A Moroccan Commencement

President Knapp speaks to Al Akhawayn University’s class of 2010.

Steven Knapp speaking to students from podium at Al Akhawayn University
June 17, 2010

Separated by about 4,000 miles, GW and Al Akhawayn University (AUI) in Ifrane, Morocco, could not be more different in many ways. GW is 189 years old, while Al Akhawayn recently turned 15; nearly 25,000 students study at GW compared with about 1,500 at AUI; and Foggy Bottom’s mountains hardly rival those in Ifrane, a ski resort.

Still, the two institutions have much in common, as President Steven Knapp explained in his commencement address to Al Akhawayn’s class of 2010 “A Shared Vision, A Unique Opportunity.”

“Each was created with a purpose in mind, reflecting a very clear vision of what a university might be and what role it might play in the life of an emerging nation. That is not true of many of the world’s universities, including many of the most famous,” said Dr. Knapp in the June 12 address, which was attended by the ambassadors to Morocco from Indonesia and the United Kingdom and nine-time world kick-boxing champion Mustapha Lakhsem, who trains at Al Akhawayn.

In 1999, the universities entered into a formal partnership, which has featured a two-way stream of exchange students, GW students participating in Al Akhawayn’s summer intensive Arabic program and GW’s librarians helping develop Al Akhawayn’s library. Engineering and law professors at GW are also working with colleagues at AUI on a cyber security program to train Moroccan executives.

Dr. Knapp called the Moroccan university “young, vibrant and boldly innovative” and read from its founding statement, which states that the university, while rooted in “noble Arab and Mediterranean humanist tradition,” is also “dynamically adapted to modern times.”

“Note the precision with which the university’s position has been defined in this sentence: its location at the fertile intersection of deep tradition and present relevance; its commitment right from the start to the most urgently needed values in the world today, the ‘values of human solidarity and tolerance,’ but also the values of ongoing intellectual and cultural curiosity,” Dr. Knapp said.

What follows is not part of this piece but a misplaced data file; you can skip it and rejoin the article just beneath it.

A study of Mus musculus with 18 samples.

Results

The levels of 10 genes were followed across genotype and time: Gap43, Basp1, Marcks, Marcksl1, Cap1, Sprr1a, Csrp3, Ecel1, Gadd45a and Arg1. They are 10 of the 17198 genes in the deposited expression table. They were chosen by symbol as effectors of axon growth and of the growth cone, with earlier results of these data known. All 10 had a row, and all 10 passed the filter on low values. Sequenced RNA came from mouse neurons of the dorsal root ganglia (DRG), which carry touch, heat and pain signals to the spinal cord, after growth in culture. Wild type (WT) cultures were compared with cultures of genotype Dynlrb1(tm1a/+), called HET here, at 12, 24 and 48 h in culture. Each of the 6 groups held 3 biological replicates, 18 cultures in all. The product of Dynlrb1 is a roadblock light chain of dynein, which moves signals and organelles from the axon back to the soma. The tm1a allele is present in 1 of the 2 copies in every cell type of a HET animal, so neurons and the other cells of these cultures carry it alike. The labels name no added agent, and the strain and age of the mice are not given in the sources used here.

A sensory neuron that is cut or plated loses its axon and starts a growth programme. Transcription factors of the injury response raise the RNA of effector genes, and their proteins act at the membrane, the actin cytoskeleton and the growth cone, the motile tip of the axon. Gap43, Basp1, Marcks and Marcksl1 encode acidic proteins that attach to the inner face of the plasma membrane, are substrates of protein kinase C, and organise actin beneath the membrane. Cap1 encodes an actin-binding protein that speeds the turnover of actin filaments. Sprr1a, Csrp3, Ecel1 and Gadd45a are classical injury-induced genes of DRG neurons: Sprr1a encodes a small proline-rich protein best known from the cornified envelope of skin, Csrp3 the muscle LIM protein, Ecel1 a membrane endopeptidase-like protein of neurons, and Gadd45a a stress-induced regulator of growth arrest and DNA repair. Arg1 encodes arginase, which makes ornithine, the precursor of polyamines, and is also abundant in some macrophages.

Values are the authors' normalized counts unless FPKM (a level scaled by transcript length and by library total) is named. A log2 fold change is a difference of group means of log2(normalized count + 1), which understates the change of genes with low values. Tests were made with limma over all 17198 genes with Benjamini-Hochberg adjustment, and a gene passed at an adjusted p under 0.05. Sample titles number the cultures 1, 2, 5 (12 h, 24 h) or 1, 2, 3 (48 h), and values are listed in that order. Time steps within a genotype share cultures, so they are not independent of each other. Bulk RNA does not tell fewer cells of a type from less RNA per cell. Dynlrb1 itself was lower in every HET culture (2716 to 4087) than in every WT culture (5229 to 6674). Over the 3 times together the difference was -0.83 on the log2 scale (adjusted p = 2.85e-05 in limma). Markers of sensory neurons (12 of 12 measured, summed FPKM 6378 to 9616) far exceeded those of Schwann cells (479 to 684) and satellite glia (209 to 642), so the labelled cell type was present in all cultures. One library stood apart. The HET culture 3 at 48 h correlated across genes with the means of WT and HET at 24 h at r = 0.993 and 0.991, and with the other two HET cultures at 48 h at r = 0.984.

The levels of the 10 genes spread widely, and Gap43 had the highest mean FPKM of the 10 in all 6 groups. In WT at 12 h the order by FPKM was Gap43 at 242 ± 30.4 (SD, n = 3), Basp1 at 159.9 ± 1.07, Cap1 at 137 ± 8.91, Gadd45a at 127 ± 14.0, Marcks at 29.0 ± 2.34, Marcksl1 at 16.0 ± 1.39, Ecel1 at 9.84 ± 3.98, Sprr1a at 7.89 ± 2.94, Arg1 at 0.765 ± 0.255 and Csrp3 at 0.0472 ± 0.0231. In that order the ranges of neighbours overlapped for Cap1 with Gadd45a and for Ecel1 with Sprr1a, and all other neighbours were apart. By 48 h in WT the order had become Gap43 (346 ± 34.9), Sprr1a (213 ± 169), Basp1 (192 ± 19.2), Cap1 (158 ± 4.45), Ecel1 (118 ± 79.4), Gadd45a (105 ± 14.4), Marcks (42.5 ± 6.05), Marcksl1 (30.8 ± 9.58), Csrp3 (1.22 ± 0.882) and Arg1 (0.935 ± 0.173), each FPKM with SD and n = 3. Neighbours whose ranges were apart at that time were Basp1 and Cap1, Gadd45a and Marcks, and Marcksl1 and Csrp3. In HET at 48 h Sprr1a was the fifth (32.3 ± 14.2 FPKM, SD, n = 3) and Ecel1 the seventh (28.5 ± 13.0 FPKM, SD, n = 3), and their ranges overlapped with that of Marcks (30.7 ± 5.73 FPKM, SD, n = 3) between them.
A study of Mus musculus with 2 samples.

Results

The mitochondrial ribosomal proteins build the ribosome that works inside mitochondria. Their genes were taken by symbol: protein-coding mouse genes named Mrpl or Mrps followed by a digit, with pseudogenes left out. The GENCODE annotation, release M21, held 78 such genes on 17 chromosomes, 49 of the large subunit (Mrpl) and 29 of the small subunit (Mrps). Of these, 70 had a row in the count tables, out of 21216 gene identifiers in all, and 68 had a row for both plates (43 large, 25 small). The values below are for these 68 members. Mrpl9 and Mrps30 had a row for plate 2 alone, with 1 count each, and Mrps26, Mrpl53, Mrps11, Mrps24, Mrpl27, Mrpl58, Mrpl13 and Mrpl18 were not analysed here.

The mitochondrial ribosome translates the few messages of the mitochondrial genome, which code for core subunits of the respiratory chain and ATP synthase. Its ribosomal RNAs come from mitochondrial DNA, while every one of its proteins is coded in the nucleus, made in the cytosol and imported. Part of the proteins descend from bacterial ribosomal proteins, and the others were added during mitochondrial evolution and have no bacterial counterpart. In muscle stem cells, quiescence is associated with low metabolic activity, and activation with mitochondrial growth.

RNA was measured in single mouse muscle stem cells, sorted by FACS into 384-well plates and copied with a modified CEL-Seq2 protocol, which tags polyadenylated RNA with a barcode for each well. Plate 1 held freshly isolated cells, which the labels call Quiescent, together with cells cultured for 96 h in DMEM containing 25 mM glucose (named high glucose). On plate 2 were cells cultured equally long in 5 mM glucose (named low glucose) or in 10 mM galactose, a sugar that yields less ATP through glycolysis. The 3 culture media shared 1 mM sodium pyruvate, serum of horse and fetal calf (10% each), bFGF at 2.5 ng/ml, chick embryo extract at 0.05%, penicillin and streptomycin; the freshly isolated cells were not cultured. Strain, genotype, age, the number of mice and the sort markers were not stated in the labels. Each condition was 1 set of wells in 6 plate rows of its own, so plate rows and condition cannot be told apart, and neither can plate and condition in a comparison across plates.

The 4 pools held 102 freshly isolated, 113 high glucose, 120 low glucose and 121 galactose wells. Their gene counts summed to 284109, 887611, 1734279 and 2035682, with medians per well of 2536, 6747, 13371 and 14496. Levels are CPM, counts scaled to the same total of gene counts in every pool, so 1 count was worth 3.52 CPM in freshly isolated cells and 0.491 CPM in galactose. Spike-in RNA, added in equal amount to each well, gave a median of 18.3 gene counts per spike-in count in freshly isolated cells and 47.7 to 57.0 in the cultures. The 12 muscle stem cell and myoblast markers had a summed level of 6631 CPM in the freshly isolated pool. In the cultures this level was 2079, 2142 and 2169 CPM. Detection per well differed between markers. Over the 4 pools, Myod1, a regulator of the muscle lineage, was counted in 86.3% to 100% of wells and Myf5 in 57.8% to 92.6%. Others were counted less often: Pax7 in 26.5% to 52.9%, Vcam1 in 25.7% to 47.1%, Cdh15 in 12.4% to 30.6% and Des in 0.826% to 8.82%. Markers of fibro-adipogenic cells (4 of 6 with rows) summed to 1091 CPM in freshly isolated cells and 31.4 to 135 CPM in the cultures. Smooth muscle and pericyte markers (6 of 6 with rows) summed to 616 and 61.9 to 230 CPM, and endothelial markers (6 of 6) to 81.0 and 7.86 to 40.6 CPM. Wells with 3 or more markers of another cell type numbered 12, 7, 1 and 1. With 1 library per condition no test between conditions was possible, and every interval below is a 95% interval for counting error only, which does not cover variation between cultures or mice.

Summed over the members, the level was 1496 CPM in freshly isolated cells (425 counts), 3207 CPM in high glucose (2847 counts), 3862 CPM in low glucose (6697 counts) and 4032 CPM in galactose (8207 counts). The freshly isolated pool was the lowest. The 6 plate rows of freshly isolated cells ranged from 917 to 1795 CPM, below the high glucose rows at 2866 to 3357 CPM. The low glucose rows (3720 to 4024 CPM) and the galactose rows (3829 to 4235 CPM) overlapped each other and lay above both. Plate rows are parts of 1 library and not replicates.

Both universities value serving the international community, Dr. Knapp noted. When President George Washington called for the establishment of GW in his last will and testament, his explicit purpose was for the university to help bring the colonies together to “free themselves” from their “local prejudices and habitual jealousies.”

“In short, the students he envisioned would together forge a national identity and become the citizen-leaders of the newly founded United States,” Dr. Knapp said. “Much has changed since then. We now educate the daughters as well as the sons of the nation’s no longer 13, but now 50 states. We also draw students from 130 countries, and we no longer train citizens of our country alone but citizens of the world; in fact, the truly global nature of our vision is one of the most important features our two universities share.”

Dr. Knapp also discussed First Lady Michelle Obama’s service challenge to GW and quoted the first lady’s remarks about the importance of participating in a global community.

“It’s almost as if Mrs. Obama had read your university’s founding statement, with its emphasis on ‘human solidarity and tolerance’ and service both to the nation and to the international community,” Dr. Knapp said.

Beyond their shared values and visions, GW and Al Akhawayn are linked by “an even broader heritage” of being heirs to the three “religions of the book,” according to Dr. Knapp. The “divinity of knowledge and the blessedness of peace” are messages that are common to Christianity, Islam and Judaism, he said, and are “nowhere stated more powerfully than in the words of the Holy Quran, and nowhere developed more fully than in Muslim halls of learning.”

Dr. Knapp also cited President Barack Obama’s speech at Cairo University and its focus on the debts the West owes to Islam for everything from algebra to the compass, and calligraphy to architecture.

“We share a debt, then, to the great civilization of Islam, to which we at George Washington were indirectly linked at our founding through the culture of modern Europe, while you at Al Akhawayn have the privilege of being direct and immediate heirs,” Dr. Knapp said.